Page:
Bearish indicators for oil prices and robust natural gas production inform a lower 2008-2010 gas price outlook held by Stephen Smith Energy Associates. For this year the group is forecasting a $9.30/MMBtu average Henry Hub price, down from a previous estimate of $9.47/MMBtu.

Further out, the outlook for 2009 is for a bidweek average price at Henry Hub of $8.05/MMBtu, down from $8.65/MMBtu, and for 2010 the firm projects $8.30/MMBtu, down from the $8.95/MMBtu previously estimated.

“For several months it has become increasingly clear that the U.S. gas market could become oversupplied in the second half of 2008, and this condition might extend through 2009 and possibly into 2010,” Smith wrote in his Monthly Energy Outlook dated Sept. 30.

Smith said the decline in gas prices “has slowed over the last month” and gave credit to hurricane shut-ins that have had a larger impact than previously thought. “We estimate cumulative shut-ins of 215 Bcf by mid-October,” he wrote. While the hurricane aftermath lends price support, storm-ravaged Wall Street and turbulent markets dampen the price forecast.

Further slippage in oil prices is expected by Smith due to economic woes and spare capacity among the Oil Producing and Exporting Countries (OPEC). He’s pegging West Texas Intermediate at $95/bbl for 2009 and plotting gas prices accordingly.

But perhaps more significant — and more familiar to anyone in the gas patch — is North America’s shale miracle, which some believe could spawn liquefied natural gas (LNG) liquefaction facilities in the Gulf of Mexico.

“Total production has been ramping up sharply since early 2006, a period which includes the effect of some [hurricane] Rita/Katrina recovery in the early months, and the ramp-up of 1 Bcf/d from Independence Hub over the last few months of 2007,” Smith wrote. “The main steady-state driver of production growth, however, is strong multi-year growth from the Barnett Shale and other important shale and unconventional resource plays.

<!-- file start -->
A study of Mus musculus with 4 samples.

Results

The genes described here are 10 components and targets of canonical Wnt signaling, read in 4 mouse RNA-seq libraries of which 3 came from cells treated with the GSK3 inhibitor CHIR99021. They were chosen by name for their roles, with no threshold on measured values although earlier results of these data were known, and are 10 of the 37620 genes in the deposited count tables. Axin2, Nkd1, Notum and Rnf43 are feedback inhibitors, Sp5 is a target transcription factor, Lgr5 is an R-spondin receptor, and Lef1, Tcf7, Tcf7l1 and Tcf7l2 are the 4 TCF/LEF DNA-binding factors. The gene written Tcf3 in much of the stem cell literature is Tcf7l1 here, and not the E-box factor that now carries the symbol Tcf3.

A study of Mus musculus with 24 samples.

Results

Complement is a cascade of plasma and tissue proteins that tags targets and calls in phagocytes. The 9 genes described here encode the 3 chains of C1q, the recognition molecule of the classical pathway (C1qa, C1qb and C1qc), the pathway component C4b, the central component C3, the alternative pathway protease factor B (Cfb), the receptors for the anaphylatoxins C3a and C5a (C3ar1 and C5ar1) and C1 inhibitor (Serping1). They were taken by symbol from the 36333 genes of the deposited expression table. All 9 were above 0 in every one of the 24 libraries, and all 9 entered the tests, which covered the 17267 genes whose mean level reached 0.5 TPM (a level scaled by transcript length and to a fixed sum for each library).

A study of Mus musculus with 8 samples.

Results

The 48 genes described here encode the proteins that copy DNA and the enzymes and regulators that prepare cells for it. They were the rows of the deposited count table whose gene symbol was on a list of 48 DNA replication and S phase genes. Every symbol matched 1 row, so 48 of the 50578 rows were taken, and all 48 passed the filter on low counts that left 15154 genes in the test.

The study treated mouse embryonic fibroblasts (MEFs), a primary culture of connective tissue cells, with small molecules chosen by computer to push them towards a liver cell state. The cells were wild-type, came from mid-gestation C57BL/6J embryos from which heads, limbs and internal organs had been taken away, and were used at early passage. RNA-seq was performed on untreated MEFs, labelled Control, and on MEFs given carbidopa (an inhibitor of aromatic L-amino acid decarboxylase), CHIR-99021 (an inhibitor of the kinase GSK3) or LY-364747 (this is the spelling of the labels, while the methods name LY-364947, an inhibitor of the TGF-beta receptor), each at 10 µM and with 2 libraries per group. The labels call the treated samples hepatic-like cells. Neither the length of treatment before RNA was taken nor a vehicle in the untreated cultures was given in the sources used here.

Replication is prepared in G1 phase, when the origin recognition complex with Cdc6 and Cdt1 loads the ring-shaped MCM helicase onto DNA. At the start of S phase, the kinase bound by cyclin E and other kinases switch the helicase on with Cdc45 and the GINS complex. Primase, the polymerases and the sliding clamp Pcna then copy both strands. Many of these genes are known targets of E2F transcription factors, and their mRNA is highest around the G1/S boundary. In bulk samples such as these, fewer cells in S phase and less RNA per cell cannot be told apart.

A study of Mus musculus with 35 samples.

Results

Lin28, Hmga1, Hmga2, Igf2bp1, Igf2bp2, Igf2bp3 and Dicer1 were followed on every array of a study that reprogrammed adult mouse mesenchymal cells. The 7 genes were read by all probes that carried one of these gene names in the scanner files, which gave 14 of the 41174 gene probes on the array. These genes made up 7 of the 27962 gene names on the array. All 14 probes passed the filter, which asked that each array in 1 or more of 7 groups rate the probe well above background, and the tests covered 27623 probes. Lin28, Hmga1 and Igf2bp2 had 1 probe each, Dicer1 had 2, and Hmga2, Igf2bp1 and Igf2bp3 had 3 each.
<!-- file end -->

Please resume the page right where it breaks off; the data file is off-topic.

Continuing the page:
“We now estimate 6% growth in U.S. gas production for 2008 as compared with 4.3% growth in 2007. The 2008 projection includes the effect of April-thru-early-June downtime at Independence Hub [see Daily GPI, June 17] and an estimated 215 Bcf of actual and forecast lost production from the shut-ins related to hurricanes Gustav and Ike (beginning Aug. 28).”

Producers have begun to demur as evidenced by drilling cutbacks announced by shale star Chesapeake Energy Corp. (see Daily GPI, Sept. 24). “While we may be the first [to cut back], we will certainly not be the last,” Chesapeake CEO Aubrey McClendon told financial analysts recently. “In the business today, producers have made decisions based on $10-13/Mcf and they are running gas rigs. In the world we have seen in the last 60 days, we don’t think there’s enough cash flow there to support that kind of drilling activity.”

And the slump could last a while. Restoration of supply-demand balance in the North American gas market is 12-18 months away, according to Smith. A hot summer and hurricane action next year could change that, but so, too, could a weaker global economy that softens global LNG demand and sends more cargoes to the United States, although Smith noted that LNG supply-demand is tight and likely to remain so.

On the demand side, softer oil prices have not dissuaded industrial end-users who can switch to gas from doing so. “With the enormous recent spread between gas and oil prices, it appears that the industrial sector is finding more ways to substitute gas for various oil products,” Smith noted.